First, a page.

Paying for News: Why People Subscribe and What It Says About the Future of Journalism

The Media Insight Project, a collaboration between the American Press Institute and The AP-NORC Center, investigates who subscribes to news, what motivates them, and what it means for the future of journalism.

The future of journalism will increasingly depend on consumers paying for the news directly, as content distributors like Facebook and Google take up the lion’s share of digital advertising dollars.

The Media Insight Project, a collaboration of the American Press Institute and The Associated Press-NORC Center for Public Affairs Research, has undertaken what we believe is one of the largest efforts ever to understand who subscribes to news, what motivates them, and how creators of journalism can engage more deeply with consumers so more people will subscribe.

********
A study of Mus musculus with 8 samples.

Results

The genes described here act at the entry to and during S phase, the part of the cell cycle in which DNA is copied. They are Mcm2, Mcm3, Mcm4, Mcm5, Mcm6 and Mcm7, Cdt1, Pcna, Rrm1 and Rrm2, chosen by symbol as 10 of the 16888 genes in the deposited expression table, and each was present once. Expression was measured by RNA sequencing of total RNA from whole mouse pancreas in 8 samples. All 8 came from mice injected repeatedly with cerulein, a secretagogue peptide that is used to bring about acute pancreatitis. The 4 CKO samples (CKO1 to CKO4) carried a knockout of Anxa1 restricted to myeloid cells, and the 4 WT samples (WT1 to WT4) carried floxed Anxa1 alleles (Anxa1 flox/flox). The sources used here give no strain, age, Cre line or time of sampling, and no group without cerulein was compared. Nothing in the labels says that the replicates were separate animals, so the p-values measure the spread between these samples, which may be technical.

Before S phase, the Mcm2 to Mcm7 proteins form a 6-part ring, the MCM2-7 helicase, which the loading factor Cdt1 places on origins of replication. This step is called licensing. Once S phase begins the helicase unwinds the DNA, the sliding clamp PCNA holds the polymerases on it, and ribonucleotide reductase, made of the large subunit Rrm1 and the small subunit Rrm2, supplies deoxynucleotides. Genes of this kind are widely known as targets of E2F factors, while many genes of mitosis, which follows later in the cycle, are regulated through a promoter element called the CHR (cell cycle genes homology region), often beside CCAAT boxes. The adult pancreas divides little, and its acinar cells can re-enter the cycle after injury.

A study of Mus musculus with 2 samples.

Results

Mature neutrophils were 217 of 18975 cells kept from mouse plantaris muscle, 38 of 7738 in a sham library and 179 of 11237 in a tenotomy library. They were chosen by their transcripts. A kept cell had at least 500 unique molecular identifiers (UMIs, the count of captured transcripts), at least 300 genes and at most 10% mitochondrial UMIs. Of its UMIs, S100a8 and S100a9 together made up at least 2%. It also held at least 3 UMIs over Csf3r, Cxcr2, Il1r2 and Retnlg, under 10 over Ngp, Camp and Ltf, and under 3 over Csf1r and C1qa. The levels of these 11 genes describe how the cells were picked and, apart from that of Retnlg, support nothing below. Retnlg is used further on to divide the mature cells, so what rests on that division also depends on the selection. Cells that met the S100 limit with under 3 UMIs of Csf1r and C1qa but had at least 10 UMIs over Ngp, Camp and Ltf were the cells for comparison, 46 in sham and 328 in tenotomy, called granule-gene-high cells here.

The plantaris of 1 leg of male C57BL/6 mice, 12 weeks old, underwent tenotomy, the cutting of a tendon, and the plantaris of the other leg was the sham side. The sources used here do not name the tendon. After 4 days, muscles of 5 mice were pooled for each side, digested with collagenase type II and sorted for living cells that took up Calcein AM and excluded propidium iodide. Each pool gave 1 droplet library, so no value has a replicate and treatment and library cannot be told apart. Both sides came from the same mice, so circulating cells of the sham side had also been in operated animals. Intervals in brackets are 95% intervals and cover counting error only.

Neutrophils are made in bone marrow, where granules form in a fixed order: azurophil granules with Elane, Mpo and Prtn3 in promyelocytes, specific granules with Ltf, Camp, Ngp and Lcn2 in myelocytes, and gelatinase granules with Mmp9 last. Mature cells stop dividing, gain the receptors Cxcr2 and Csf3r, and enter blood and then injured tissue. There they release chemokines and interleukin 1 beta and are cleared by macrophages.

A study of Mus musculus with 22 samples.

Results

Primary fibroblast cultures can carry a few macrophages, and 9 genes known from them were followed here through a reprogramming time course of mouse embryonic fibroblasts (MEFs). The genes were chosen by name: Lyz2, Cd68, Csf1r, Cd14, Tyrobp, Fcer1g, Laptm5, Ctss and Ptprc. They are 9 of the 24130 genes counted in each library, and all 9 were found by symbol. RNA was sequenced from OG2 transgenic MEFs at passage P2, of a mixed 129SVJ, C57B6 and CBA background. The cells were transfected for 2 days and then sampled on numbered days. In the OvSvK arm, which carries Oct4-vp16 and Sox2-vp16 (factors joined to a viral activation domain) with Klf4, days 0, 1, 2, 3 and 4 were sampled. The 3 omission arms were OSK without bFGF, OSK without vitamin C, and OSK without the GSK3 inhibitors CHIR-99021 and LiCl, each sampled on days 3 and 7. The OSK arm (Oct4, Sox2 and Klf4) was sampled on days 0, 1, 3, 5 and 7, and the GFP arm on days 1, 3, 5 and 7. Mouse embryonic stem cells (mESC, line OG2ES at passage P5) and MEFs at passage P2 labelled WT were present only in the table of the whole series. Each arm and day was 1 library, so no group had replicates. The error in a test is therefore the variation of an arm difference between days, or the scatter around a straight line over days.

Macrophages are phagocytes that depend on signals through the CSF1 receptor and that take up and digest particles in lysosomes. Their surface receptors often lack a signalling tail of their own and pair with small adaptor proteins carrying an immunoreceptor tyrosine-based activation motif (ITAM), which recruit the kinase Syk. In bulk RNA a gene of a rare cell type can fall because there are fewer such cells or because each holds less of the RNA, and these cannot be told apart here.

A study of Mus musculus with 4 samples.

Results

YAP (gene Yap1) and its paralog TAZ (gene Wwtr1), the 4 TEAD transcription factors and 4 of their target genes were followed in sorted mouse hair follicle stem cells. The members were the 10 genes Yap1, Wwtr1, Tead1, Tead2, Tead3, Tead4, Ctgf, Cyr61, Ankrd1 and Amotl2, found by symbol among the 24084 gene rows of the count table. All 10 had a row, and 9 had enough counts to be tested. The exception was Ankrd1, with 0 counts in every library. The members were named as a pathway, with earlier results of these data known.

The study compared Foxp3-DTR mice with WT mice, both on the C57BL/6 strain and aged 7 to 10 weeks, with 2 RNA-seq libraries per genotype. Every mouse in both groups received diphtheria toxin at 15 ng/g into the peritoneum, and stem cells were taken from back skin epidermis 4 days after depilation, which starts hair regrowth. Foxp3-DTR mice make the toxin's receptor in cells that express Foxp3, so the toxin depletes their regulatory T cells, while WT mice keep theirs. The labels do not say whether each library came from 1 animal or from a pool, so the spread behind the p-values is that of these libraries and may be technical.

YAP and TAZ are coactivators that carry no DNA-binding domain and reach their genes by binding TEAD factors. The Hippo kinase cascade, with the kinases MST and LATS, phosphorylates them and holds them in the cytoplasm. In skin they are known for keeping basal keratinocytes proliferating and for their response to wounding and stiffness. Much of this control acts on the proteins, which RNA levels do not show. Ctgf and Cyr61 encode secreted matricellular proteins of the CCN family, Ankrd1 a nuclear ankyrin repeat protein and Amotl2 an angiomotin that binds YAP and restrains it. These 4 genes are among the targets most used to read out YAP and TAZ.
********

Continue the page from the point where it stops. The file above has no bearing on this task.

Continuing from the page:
The study finds that slightly more than half of all U.S. adults subscribe to news in some form—and roughly half of those to a newspaper.

And contrary to the idea that young people will not pay for news because information on the internet is free, nearly 4 in 10 adults under age 35 are paying for news.

People are drawn to subscribe to news for three reasons above others—because a publication excels at coverage of key topics, because friends and family subscribe to the publication, and to a lesser degree, in response to discount promotions on subscription prices.

There is also substantial evidence that more consumers could begin to pay for news in the future—if publishers can understand them and serve them well. Half of those who do not pay for news actively seek out news and resemble subscribers in various ways. And nearly 2 in 10 of those who don’t subscribe to news now indicate they are inclined to begin to pay in the future.

Most subscribers see themselves as primarily print-oriented or digitally oriented—only 4 percent describe themselves as a combination of print and digital.

The survey was conducted February 16 through March 20, 2017, using AmeriSpeak®, the probability-based panel of NORC at the University of Chicago. Interviews were conducted online and over the phone with 2,199 American adults.